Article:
One of the more significant differences between writing poetry and prose is the use of names. In my poems I seldom reference the name of a person and when I do, that name must fit perfectly. When writing prose I feel my inner poet reaching out yelling that name does not fit the character and needs a new one. So, I find myself researching names for the millionth time and I’ve discovered 2 things: my favorite websites for researching names, their origins, variations and meanings and I need a new notebook.
There are two sites I frequent when researching names. First is Behind the Name. I find this site easy to navigate, search for specifics and narrow down choices. For most names it gives the meaning and if applicable the history, which is great because I like to know what kind of weight I’m adding to character by choosing a certain name. Did you know that Evelyn was in the top 25 of 2011 most popular girls names in the United States? Or that Nevaeh was 35th? I might have thought (if I was inclined to use those names) that I would be giving semi uncommon, or fairly rare in the latter case, names to my characters. The second site I often refer to when researching names is Baby Names World. My friend, Dana suggested this site to me and it is really handy. Easy to navigate and you can save names to your “My Names” list. Convenient for any mother to be or in my case, writer.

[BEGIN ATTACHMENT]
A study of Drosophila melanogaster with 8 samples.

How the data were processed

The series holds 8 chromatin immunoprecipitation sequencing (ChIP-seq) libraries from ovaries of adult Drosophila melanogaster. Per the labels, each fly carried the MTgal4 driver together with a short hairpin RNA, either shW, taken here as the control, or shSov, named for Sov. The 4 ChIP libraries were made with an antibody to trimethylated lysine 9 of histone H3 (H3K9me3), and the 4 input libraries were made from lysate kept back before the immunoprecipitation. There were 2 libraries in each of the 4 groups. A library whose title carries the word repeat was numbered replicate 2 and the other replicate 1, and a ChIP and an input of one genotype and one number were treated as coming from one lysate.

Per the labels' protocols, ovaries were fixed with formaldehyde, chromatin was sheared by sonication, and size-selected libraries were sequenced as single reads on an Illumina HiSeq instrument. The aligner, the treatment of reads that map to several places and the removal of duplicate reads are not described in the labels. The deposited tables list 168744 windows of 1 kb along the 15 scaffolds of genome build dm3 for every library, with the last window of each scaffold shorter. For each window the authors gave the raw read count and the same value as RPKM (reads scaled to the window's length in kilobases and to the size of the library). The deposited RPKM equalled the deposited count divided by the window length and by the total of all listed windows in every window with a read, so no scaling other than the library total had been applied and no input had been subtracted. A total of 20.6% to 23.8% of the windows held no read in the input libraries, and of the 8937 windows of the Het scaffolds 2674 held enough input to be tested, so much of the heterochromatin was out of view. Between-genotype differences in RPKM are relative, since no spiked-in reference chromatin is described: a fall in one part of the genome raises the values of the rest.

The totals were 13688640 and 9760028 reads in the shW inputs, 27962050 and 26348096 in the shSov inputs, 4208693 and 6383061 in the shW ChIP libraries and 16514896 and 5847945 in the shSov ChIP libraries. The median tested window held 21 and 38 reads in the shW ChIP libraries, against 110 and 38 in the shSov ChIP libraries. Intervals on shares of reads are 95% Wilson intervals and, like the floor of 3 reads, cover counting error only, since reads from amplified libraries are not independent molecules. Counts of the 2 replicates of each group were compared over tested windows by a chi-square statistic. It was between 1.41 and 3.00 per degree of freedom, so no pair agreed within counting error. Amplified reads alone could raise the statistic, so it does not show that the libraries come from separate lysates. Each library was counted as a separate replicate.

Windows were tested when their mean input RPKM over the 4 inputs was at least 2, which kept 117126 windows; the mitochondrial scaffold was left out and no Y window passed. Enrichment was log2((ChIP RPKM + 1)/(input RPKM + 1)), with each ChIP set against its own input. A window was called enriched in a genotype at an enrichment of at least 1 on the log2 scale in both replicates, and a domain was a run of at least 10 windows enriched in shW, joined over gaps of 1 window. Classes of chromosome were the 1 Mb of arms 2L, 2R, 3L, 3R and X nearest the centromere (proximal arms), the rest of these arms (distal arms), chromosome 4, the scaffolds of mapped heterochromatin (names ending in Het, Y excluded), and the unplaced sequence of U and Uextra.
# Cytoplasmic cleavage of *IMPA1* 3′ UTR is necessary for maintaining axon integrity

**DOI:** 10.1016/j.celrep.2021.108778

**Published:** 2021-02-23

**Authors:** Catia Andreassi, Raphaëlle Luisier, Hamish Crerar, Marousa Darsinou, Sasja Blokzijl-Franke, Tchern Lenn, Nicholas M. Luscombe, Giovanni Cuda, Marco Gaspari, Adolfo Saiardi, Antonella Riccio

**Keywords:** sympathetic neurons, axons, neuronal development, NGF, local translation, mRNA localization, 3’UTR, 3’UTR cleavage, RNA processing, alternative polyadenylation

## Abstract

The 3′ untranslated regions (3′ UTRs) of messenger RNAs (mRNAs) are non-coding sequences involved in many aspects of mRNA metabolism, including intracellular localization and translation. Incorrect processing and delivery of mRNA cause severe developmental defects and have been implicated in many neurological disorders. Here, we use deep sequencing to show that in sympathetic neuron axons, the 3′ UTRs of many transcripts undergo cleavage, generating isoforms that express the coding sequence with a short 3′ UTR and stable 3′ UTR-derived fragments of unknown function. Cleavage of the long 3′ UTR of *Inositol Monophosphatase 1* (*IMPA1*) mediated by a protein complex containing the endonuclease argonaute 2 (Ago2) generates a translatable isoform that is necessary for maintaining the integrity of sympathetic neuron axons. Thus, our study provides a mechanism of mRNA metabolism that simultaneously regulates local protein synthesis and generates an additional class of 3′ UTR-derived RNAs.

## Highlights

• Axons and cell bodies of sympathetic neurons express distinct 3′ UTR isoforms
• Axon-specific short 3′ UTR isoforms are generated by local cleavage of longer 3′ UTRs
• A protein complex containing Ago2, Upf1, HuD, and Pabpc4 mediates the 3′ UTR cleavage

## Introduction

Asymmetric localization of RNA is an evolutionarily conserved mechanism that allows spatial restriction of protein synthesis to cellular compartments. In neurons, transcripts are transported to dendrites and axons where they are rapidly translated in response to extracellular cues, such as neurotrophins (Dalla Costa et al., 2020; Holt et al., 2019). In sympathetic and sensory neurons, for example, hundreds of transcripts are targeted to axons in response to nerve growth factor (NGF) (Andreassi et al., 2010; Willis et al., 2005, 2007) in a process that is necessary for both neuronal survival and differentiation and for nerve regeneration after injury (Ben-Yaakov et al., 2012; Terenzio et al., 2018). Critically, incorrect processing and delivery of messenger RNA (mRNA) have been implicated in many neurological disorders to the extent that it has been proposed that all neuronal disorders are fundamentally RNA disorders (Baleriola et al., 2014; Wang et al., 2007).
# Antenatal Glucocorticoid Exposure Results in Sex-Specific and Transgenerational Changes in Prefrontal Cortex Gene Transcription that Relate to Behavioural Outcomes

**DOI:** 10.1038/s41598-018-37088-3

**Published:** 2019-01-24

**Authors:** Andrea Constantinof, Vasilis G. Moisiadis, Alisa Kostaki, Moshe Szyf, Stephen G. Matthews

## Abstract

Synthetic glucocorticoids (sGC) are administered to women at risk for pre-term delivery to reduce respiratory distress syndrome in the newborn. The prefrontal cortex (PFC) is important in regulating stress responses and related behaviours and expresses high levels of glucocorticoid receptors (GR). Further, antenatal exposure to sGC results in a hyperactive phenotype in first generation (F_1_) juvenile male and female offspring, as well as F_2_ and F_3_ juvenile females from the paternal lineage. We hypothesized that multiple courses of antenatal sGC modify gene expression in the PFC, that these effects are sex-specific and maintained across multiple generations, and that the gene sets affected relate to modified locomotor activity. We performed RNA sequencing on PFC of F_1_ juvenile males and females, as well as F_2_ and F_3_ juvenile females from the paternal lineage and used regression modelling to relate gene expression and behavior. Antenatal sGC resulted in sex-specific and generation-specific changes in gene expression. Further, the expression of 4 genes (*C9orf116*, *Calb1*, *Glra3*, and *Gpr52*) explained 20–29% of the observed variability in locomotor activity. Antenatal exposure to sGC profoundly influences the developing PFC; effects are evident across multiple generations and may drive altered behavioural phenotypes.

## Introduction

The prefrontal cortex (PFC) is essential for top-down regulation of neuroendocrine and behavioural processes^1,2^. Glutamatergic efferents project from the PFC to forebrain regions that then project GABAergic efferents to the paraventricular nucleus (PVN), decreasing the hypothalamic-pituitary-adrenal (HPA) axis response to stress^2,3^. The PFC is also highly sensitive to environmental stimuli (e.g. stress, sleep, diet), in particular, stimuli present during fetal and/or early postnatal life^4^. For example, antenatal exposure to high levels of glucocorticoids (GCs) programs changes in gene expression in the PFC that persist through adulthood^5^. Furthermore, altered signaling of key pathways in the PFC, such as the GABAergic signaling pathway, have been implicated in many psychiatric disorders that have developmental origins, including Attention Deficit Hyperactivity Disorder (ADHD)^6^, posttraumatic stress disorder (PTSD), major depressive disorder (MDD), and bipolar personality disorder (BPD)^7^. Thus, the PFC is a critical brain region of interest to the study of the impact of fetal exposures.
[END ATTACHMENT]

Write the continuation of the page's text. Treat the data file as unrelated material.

After researching names I noticed I tend to grab the nearest paper and start jotting down all the ones I like. I easily fill it and start writing in the margins. So it seems, this weekend I will be starting a new notebook (and possibly a word spreadsheet to organize by origin or meaning) to collect my list of names I’ve fallen in love with. A few going in the notebook immediately will be Dagny, Cardea and Alphaeus. All three of these are the possible names of characters in the book I started. I love the idea that Dagny, as a girls name meaning “new day,” can be shortened to Dag. Who wouldn’t love a girl named Dag? Cardea and Alphaeus both mean changing and the characters I have outlined for them will certainly be undergoing some “changing.”
So the next time you are ready to name a character, know the weight that it carries. The history or meaning of a name could help sway you from a bad pairing for the personality of your character, or rekindle a forgotten or disliked name. For a writer creating a whole person, what’s in a name? Well the answer in this case is not so similar to Shakespeare.